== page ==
Most 8-year-old boys are mastering the monkey bars, playing basketball or eagerly anticipating the ice cream truck’s afternoon rounds.
At 8, Omar Gonzalez was dealing with fatherlessness, drinking, drugs and sex.
“I was a troubled kid in Mexico City, and I had a rough childhood,” said Gonzalez, 36. “My father passed away when I was 3 years old. My mother raised me and was gone all day. I pretty much did whatever I wanted to do. At a young age, 8-years-old, I was drinking and seeing women nude. In Latin America, those are so available.”
Coming to the States
When he was 13, Gonzalez moved to Los Angeles.
“I came to the States with my mother because she wanted the best for me,” said Gonzalez, a member of Southeast Christian Church’s Indiana Campus. “I lived in L.A. Then, my mother decided to move us to Kentucky at the age of 17. After graduating high school, I decided to go out on my own.”
Into his mid-20s, Gonzalez said his heart’s appetite was the same regardless of his home address.
“I developed an addiction to cocaine, alcohol, drugs and pornography because I was leaning on my own understanding,” Gonzalez said. “Because it was, ‘I, I, I.’ I wanted more. That craving for sex, drugs, alcohol and so-called friends was strong. I was just living in the world. I was not thinking twice. Money, power and sex is what moves your carnal desires. I wanted those.”
After seven years of dating, Gonzalez married his wife, Danielle, yet struggled to stay faithful.
“Three years into marriage, my wife kept telling me, ‘Omar, you need to quit this and that,’” he said. “My wife said, ‘It’s enough. I’m done.’ I did not even care for her or her feelings.”
Danielle separated from her husband, which was Gonzalez’s wakeup call.
“Separation came, and I remember it was the emptiest place I’d ever been,” Gonzalez added. “I just cried out loud, ‘What is it that I need?’ I started thinking and praying to the Lord, ‘What do I need to do?’”
Coming to the Savior
During the separation, a friend invited Gonzalez to church.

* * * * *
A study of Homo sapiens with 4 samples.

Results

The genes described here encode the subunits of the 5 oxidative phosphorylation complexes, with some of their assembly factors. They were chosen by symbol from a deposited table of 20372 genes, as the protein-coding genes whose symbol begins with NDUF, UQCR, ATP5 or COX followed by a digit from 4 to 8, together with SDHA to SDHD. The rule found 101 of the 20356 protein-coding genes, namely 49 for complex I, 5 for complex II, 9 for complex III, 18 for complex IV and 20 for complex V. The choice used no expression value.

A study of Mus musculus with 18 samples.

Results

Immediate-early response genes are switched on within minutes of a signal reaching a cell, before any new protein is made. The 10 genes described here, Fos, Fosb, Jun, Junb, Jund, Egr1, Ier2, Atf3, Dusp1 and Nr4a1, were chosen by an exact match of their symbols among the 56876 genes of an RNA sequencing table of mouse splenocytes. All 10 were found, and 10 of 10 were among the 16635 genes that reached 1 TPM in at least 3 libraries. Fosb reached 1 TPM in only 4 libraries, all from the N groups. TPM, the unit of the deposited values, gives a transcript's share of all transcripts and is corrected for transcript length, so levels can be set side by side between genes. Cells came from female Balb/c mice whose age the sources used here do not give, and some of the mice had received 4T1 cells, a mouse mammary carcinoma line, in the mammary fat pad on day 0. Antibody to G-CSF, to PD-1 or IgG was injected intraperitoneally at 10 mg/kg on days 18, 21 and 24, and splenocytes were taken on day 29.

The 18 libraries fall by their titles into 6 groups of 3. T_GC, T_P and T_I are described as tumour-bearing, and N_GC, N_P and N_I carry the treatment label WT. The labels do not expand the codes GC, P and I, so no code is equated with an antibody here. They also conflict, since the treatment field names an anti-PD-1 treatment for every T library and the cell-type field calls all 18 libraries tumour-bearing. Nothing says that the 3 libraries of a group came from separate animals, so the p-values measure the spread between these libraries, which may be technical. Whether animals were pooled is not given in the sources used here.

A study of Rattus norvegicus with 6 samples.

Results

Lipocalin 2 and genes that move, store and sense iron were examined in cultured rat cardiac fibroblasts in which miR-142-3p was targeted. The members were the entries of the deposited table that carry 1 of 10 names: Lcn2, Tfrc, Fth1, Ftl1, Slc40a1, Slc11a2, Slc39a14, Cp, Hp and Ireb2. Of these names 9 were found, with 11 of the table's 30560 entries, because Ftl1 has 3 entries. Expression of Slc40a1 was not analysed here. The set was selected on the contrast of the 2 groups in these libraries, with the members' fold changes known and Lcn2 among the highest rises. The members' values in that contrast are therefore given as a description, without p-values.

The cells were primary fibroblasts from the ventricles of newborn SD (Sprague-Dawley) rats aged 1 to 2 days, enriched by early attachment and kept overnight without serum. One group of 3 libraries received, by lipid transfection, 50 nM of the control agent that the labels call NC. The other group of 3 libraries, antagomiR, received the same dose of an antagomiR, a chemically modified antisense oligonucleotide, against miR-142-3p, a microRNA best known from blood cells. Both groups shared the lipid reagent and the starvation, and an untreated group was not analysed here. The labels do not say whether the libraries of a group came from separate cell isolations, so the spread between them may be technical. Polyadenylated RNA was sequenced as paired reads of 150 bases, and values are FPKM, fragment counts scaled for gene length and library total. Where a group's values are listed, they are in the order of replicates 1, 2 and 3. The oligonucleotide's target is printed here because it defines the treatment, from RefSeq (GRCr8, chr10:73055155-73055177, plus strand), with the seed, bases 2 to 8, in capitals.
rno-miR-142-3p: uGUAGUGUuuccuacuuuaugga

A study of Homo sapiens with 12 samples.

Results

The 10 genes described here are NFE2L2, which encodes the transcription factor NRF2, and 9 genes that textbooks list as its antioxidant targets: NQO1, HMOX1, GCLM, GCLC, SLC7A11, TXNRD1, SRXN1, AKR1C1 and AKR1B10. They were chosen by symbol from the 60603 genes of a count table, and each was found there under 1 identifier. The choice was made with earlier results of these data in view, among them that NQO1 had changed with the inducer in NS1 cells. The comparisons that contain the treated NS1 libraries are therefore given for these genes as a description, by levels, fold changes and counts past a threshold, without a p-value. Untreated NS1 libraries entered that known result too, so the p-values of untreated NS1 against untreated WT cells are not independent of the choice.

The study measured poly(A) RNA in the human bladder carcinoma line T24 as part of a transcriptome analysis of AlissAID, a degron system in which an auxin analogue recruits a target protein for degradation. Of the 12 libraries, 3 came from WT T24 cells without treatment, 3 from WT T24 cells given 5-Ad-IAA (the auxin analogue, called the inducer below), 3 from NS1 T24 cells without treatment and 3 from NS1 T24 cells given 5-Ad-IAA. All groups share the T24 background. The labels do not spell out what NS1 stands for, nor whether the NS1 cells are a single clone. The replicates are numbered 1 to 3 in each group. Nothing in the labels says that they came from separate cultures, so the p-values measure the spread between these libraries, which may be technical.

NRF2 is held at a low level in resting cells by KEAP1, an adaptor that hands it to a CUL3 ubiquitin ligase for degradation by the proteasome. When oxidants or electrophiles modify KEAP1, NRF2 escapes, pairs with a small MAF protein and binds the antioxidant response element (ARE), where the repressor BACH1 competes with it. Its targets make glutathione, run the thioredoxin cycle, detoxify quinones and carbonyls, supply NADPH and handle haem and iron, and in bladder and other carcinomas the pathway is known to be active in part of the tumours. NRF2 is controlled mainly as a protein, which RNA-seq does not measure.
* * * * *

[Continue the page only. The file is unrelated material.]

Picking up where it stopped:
“I had an opportunity to come to Southeast because how God works is amazing,” Gonzalez said. “I told my friend, ‘I’m going through a divorce. What do you think?’ He invited me to the Indiana Campus service. Dave Stone was speaking and I recall him saying, ‘What is it that you have to do today that you’re not doing? What’s stopping you from it?’”
A connections pastor invited Gonzalez to visit Thrive, a support group for men seeking healing from sexual addiction and substance abuse.
In that group, Christ’s love captivated Gonzalez, who five years later, reminisced about his experience through teary eyes.
“I recall having this deep-down feeling in my heart that was so heavy from the Lord,” Gonzalez said. “I stopped the class and said, ‘Guys, I need to accept Christ. I need to surrender myself to Him.’ There were tears of joy because that feeling was the most amazing thing in my life. To feel the Holy Spirit right there because I never felt it like that before. It changed my whole perspective.”
Southeast member and friend Jose Nieves Sr. was sitting beside Gonzalez at Thrive that day.
“Omar was really confused and trying to do everything in his own power,” Nieves said. “We were talking about the Holy Spirit, how He helps, guides and teaches us. He never heard a man talking about obedience to the Holy Spirit. Omar knew he needed to change and receive the Holy Spirit. He came out and said, ‘I need the Holy Spirit. I have made a mess of my life.’ He accepted Christ and an amazing changeover happened.”
That day, despite being imprisoned by his addictions for more than two decades, Gonzalez was set free.
“I couldn’t do it on my own,” Gonzalez said. “I am who I am because He shed His blood on the cross. He paid the price.”
Gonzalez was baptized at the Indiana Campus Dec. 1, 2015.
At your service
The Gospel has undeniably transformed Gonzalez’s life.
“I started reading His Word and knowing Him,” Gonzalez said. “I started seeing different things about Him and people—seeing people how He sees Him. I was blind for 30 years, and He opened my eyes completely to a new perspective. I saw my wife differently as a child of God.”
Gonzalez reconciled with his wife, and they are married today with two daughters.
“She knew the worldly Omar, and she sees Omar as he is now,” Gonzalez said. “I never dated like this, seeing her with Godly eyes. That’s how a husband is supposed to look at his wife.”
While he continues to go to Thrive, Gonzalez also participates in Man Challenge, is a regular greeter at weekend services and serves on the Missions Committee at the Indiana Campus.
“I never served others,” Gonzalez said. “It was all about me and what was better for me. I was always first. But Jesus is the greatest leader, yet came to serve us.”
A sous-chef at Spalding University, Gonzalez went on a mission trip to Colombia to help translate. He later went to the Dominican Republic, where he shared his testimony to high schoolers.
Gonzalez also played a part in bringing Mike Silva International and the Festival por la Vida to the Iroquois Amphitheater. The event for Louisville’s Latino community drew more than 2,800 people, and 1,216 decisions for Christ were made.
“Omar is doing a fantastic job to reach Latinos and God is using him mightily,” Nieves said. “He has a tremendous testimony of what God can do, and He always shares that with other guys.”